This is particularly fascinating because Arab News is considered by many to be a very state-friendly newspaper and is owned by the Saudi Research and Publishing Company.
Kane wrote: “A closer analysis of the eight-month saga suggests that far from over, it’s just entering a new phase.
Ashley went on to insist that he remains ‘100% committed’ to the deal. It was also fairly obvious from conversations with PIF officials and with Amanda Staveley, the entrepreneur who set up the consortium, that it is still at stake.
“In reality, the consortium’s withdrawal statement changes little in the takeover equation. Ashley wants to sell. The consortium – which includes British tycoons the Reubens brothers, Staveley and the PIF – wants to buy. The PIF still want to inject hundreds of millions of pounds into the club and the economy of the North East of England. ”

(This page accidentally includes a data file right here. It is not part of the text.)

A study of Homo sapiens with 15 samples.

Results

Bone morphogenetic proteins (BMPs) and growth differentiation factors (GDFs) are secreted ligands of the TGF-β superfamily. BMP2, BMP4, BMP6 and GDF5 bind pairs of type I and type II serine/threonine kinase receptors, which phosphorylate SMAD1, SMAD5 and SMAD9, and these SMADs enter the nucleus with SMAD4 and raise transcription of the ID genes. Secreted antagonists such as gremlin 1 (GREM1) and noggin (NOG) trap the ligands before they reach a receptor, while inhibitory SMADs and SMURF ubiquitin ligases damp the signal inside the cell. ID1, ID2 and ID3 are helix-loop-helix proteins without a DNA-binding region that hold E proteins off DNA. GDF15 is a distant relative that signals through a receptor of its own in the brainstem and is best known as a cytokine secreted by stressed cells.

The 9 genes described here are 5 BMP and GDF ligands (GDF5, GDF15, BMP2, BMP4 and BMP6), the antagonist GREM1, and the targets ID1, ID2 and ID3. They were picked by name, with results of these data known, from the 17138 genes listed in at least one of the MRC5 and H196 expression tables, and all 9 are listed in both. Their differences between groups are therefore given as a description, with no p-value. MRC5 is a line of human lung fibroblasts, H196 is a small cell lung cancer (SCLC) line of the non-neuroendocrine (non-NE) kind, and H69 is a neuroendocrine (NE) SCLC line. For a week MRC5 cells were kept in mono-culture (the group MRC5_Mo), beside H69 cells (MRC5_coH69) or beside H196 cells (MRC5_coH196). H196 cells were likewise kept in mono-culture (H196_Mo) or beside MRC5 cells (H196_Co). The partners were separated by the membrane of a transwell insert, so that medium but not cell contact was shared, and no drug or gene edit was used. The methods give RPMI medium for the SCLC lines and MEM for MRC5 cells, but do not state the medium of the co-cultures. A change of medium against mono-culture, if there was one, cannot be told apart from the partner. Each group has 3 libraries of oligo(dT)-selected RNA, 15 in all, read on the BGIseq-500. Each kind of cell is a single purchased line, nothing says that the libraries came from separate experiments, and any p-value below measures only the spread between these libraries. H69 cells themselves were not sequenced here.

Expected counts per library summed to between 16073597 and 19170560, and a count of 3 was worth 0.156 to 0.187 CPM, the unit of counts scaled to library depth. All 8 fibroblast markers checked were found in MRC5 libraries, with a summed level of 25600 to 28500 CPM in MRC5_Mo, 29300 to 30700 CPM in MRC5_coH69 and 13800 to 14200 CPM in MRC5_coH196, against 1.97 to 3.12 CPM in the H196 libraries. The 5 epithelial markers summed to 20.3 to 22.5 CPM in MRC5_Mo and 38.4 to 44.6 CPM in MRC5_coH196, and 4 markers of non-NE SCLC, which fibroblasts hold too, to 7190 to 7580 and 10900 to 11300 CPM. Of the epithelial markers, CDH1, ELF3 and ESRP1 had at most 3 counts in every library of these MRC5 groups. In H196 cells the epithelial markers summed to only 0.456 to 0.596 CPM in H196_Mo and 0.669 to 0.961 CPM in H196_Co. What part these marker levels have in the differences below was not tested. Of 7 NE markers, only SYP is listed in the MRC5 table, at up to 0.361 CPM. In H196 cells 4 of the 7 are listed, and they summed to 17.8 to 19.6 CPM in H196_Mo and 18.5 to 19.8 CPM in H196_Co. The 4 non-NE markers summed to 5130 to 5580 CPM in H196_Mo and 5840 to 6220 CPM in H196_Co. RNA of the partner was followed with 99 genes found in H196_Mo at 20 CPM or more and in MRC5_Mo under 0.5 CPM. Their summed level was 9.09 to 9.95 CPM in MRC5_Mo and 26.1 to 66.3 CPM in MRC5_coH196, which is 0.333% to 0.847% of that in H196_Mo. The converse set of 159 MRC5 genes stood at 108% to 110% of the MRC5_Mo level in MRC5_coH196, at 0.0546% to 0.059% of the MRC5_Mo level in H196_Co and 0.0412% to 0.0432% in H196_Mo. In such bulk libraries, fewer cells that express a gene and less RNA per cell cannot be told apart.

Staveley referenced in an interview with Athletic that all three parties would sign the deal instantly in the Premier League approved it – while Chronicle Live in this weekend’s diary revealed that PiF sources refused to totally reject the idea of going back to the agreement at some point. .
Kane also writes that
- The Premier League has received a letter from the ‘highest economic authority in the Kingdom’ proving that the PiF was separate from the state – which it claims Masters ignored.
- Saudi Arabia has offered to talk to the Premier League about television rights and “to actually act as a ‘underwriter’ when the EPL comes to renegotiate the deal in 2022”.
- Finally, despite reports linking American businessman Henry Mauriss to the club, “there is no other viable bidder waiting behind the scenes.”
The Premier League have yet to comment on the toll of the failed takeover, but those at Newcastle are now starting planning for the new season to ensure Steve Bruce’s side are equipped to survive the fall.